December 5, 2023

Today marks the 80th anniversary of a big day in Santa Claus town history. Big might be an understatement. It’s more like an oversized day in town history, specifically for the Santa Claus Post Office. On this day in 1931, Santa Claus postmaster James Martin hand-canceled what was said to be the largest postcard mailed in the world.

It was said to be the world's largest postcard ever mailed from Robert Ripley in New York to the Santa Claus Post Office

Emblazoned with just a 2-cent stamp, that postcard was mailed from New York on December 12 from none another than Robert Ripley of the famous Ripley’s Believe It or Not. Ripley’s syndicated newspaper panels were printed around the globe and at its peak in popularity back in the early 1930’s, more than 80-million newspaper readers saw the panels.

Robert Ripley marvels over his giant postcard that made it to Santa Claus, Indiana and back to New York complete with the famous postmark

Ripley first learned about the Santa Claus, Indiana post office in 1930 when Congressman Harry Rowbottom of Indiana introduced a bill in the U.S. House of Representatives providing more pay for the postmaster of Santa Claus. Postmaster James Martin (he’s third from the left above his giant postmark) sent the giant postcard back to Ripley but not before posing with it outside the Martin General store, also the site of the town’s second post office.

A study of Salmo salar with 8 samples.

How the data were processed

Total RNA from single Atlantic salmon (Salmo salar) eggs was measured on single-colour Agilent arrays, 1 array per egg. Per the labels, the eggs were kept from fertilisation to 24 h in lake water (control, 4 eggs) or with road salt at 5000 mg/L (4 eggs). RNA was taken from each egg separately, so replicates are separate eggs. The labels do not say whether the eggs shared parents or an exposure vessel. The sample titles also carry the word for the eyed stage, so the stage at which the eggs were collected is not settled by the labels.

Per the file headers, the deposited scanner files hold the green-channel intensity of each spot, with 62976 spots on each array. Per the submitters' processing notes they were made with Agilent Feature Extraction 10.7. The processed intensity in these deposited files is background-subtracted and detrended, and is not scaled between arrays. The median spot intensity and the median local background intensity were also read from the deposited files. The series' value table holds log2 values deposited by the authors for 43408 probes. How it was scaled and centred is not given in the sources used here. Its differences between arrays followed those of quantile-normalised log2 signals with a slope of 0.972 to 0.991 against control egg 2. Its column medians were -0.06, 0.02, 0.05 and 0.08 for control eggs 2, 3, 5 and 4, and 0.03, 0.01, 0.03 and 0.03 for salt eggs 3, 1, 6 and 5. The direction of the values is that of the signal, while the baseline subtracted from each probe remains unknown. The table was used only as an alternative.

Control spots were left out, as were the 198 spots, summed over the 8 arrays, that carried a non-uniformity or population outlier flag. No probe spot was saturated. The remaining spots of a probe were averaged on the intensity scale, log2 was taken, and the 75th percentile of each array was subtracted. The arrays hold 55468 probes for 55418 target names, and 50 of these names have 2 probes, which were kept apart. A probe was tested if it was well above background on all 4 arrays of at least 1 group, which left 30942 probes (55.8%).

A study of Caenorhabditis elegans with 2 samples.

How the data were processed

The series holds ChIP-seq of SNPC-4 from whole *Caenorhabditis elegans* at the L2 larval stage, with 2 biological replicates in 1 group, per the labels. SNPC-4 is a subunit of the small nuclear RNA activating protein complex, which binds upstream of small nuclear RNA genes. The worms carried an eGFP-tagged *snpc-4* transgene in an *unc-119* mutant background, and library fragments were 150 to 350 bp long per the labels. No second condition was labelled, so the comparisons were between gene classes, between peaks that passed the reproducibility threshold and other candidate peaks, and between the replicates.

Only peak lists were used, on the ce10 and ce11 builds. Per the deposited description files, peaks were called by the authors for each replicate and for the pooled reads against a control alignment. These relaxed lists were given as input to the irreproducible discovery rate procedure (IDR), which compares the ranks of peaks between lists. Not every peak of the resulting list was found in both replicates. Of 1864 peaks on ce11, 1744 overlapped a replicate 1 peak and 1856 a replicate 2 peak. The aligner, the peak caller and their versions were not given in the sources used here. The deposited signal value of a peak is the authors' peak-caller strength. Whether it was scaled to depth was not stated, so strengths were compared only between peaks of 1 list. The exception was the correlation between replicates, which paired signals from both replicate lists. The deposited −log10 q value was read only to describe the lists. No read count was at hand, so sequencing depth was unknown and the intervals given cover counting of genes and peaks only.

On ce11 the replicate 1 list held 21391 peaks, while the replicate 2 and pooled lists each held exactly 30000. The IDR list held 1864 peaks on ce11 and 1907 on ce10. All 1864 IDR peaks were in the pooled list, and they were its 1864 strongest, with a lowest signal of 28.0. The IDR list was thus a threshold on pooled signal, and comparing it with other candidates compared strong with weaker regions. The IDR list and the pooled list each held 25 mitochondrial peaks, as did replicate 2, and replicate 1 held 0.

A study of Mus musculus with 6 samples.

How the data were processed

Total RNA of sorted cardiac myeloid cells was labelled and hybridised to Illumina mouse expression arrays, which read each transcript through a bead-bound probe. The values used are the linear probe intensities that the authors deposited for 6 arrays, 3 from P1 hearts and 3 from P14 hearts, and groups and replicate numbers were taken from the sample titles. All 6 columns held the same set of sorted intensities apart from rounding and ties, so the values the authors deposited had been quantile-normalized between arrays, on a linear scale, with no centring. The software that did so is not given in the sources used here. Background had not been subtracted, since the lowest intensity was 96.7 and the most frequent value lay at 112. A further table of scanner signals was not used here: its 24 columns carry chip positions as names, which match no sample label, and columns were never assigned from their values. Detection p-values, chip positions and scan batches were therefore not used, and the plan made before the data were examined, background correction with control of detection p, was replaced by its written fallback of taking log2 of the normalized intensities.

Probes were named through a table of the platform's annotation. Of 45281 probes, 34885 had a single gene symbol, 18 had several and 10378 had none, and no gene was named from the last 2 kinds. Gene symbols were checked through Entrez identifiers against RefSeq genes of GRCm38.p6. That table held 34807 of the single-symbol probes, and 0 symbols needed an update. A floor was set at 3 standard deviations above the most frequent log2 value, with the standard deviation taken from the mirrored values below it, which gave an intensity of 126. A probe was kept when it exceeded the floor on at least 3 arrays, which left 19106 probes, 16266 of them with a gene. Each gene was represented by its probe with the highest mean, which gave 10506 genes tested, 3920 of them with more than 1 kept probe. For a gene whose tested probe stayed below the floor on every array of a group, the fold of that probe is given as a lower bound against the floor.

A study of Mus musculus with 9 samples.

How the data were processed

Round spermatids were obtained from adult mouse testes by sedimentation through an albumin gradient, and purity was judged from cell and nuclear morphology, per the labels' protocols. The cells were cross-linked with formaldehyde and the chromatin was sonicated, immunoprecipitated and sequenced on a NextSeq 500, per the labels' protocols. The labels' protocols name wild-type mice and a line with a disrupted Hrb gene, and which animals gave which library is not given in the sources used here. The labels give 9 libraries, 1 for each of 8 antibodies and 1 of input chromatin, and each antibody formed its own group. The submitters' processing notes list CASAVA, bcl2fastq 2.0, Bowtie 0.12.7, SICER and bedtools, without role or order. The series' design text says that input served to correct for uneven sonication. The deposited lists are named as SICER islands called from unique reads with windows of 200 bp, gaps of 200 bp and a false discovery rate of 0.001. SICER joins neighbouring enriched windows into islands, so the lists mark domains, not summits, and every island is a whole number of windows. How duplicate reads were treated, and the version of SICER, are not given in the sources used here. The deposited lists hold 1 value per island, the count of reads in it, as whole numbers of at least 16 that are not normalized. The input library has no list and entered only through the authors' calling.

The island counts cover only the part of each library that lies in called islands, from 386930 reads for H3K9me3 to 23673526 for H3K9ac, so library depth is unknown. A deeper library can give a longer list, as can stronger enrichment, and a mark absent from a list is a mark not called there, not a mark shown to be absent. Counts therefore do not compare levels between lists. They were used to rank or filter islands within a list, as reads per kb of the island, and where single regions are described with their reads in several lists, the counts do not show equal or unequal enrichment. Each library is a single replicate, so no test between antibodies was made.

A copy of one of the famous Ripley's newspaper panels depicting Santa Claus, Indiana

From that point forward, the Santa Claus Post Office would be known worldwide as Santa’s Post Office and was often crushed with enormous amounts of mail coming to the jolly ‘ol elf. It took an army of volunteers spearheaded by Santa Jim Yellig to help Martin dig out from all those letters, ensuring each and every one got a letter back. Nearly 100 years later, the tradition of townspeople and now Santa’s Elves helping answer thousands of letters to Santa from around the globe carries on today.

Cheers to you Mr. Martin & Mr. Ripley!

Santa Jim Yellig stands on the loading dock of the Santa Claus Post Office, checking each name twice on his outgoing parcels no doubt!